Both psychological trauma and depression have a bearing on any effort to stop the violence we are seeing on the inner city streets of Seattle, Chicago, Philadelphia, Baltimore and Washington, D.C.

The shooters and their victims are the product of nearly 400 years (as of 2019) of psychological trauma and depression. Because slavery forced women to give birth by age 15, 25 generations of undiagnosed and untreated trauma has been passed down from generation to generation. A slave or sharecropper was not allowed to be depressed, so those concepts were almost foreign to African Americans for 23 of those generations, and we rarely admit to it today.

I was born on a sharecropping farm in Marston, Mo., a step above slavery, and we were migrant workers who picked anything, but eventually, we ended up in the fruit orchards of Michigan. I had repressed my trauma to such an extent that I believed that walking through a 10-foot snowdrift at 10 degree below zero at midnight to an outdoor bathroom was normal behavior. It took two sociology professors at the University of Washington to convince me I was living in poverty because I believed it was the absence of food and not the absence of the basic amenities of life that determined poverty.

It was when I went to junior college in 1969 and lived permanently in a place with an indoor bathroom for the first time in my life that I really began to reassess the class structure I was living in.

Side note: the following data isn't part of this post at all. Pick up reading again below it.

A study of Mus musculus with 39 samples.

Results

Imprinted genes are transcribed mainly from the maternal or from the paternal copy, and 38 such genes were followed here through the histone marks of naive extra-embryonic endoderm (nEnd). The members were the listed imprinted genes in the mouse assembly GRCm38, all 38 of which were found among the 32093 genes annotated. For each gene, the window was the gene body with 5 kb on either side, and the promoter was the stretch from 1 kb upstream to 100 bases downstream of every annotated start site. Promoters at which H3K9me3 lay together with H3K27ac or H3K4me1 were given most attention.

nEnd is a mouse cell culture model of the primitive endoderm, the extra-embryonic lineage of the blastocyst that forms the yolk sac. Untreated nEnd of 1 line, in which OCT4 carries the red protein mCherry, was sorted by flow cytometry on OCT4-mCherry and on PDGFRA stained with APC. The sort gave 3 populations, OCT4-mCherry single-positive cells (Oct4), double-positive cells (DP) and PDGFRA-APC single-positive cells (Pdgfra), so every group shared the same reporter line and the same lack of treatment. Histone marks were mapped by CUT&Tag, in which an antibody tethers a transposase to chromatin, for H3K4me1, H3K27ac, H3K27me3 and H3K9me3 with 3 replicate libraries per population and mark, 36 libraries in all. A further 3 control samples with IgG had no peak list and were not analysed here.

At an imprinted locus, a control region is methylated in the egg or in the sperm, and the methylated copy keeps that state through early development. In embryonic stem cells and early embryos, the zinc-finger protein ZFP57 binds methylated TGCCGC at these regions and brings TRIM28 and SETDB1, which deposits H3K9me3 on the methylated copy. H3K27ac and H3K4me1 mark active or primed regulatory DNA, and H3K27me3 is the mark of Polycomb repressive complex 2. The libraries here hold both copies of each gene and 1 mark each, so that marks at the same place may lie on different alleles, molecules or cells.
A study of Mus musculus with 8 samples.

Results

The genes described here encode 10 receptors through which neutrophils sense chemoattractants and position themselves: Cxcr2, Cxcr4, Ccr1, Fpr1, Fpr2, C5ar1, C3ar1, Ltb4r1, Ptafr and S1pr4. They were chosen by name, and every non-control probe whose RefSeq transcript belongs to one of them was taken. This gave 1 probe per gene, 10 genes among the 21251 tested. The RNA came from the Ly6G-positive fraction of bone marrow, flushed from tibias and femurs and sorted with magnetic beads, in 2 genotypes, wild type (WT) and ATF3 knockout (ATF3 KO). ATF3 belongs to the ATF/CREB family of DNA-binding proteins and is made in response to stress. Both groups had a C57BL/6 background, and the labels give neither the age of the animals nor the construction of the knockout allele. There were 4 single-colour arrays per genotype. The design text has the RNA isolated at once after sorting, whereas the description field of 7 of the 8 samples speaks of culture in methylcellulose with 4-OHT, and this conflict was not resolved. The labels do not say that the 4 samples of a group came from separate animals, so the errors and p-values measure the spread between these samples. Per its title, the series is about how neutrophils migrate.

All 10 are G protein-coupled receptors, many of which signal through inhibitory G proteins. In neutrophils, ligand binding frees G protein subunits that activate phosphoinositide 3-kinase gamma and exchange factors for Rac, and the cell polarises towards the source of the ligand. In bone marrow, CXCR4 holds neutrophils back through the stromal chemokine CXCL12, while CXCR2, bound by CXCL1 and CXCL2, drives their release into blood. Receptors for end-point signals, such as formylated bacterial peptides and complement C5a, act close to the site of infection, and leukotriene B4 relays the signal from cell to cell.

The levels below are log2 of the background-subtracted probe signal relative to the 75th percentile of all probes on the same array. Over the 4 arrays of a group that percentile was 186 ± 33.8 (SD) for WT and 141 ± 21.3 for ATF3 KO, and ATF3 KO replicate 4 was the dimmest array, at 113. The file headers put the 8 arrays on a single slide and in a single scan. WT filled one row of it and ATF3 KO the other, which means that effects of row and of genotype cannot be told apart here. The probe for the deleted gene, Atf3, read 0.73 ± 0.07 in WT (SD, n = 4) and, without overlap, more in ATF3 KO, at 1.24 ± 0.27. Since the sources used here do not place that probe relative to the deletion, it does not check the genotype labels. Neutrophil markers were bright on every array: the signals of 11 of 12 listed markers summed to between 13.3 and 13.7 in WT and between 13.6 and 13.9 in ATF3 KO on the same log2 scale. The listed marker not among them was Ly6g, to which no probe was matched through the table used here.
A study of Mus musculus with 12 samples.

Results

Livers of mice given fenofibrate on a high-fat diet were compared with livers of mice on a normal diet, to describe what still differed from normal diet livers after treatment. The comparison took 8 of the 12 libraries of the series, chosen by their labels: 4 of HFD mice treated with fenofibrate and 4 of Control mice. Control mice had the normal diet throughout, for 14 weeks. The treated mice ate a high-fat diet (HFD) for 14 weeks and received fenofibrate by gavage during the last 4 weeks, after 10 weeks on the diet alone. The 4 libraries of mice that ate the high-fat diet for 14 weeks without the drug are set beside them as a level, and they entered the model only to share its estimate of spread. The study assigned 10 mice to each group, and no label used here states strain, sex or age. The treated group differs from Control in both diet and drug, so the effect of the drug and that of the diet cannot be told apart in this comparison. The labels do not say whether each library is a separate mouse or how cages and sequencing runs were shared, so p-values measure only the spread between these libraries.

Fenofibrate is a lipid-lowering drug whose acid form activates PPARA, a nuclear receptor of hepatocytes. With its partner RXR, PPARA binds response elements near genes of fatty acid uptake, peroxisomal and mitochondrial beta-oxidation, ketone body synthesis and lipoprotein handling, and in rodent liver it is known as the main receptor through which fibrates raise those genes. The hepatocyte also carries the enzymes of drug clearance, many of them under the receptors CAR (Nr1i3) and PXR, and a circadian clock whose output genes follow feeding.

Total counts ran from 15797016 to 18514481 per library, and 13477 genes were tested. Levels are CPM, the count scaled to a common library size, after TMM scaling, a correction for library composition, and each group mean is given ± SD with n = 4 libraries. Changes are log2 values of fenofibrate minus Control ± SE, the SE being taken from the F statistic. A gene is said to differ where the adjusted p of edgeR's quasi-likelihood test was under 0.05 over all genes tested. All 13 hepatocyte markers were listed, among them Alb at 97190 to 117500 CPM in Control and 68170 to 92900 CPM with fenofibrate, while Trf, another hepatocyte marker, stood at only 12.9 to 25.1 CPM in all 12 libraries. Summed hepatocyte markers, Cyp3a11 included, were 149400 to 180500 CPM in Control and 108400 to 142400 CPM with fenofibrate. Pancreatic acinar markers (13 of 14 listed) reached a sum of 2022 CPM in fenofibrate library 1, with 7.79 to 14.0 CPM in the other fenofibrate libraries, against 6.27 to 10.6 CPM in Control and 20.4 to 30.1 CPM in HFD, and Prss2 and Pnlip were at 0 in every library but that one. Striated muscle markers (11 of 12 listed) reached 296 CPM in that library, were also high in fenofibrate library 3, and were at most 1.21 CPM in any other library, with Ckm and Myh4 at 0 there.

The civil rights struggle became the medicine that saved me from both trauma and depression because it gave me an outlet to vent my frustration and to create some hope that change could be possible.

But the movement days are over, and we are left with millions of young men and women who grew up traumatized by watching their mothers, fathers or neighbors fight through the crack epidemic and become victimized by the war on drugs. Many of these same people are now struggling with heroin, trying to self-medicate their pain and frustrations.

Their children, now in the early 20s to early 30s, could be some of the most traumatized of the 25 previous generations. Some of the things they witnessed from a very young age will scar them for life, and unfortunately, all many of them know is undiagnosed pain, violence and trauma. 

Real help is needed

I was absolutely amazed at the time of the Columbine shootings and most of the school shootings that followed, by how much help was available for these people’s trauma. I have never seen similar resources offered to a group that was primarily African American. But our city, county and state have never spent enough money on the mental illness issues rampant within the African-American community; instead, we spend millions on police to arrest them and jails to house them.

It is obvious that we need more black professionals to treat this trauma because it is difficult for any white psychiatrist or counselor to peel back the layers of trauma suffered by a black person and not eventually feel that he or she is personally under attack. We need an African-American counseling and referral center, housed within a social service program dedicated to housing and clothing these traumatized individuals.

The conversation must include training and employment options, as well as treatment for trauma and depression. The shootings will stop when the real cause is eliminated.

CHARLIE JAMES is co-founder of the Martin Luther King Jr. County Institute. To comment on this column, write to MPTimes@nwlink.com.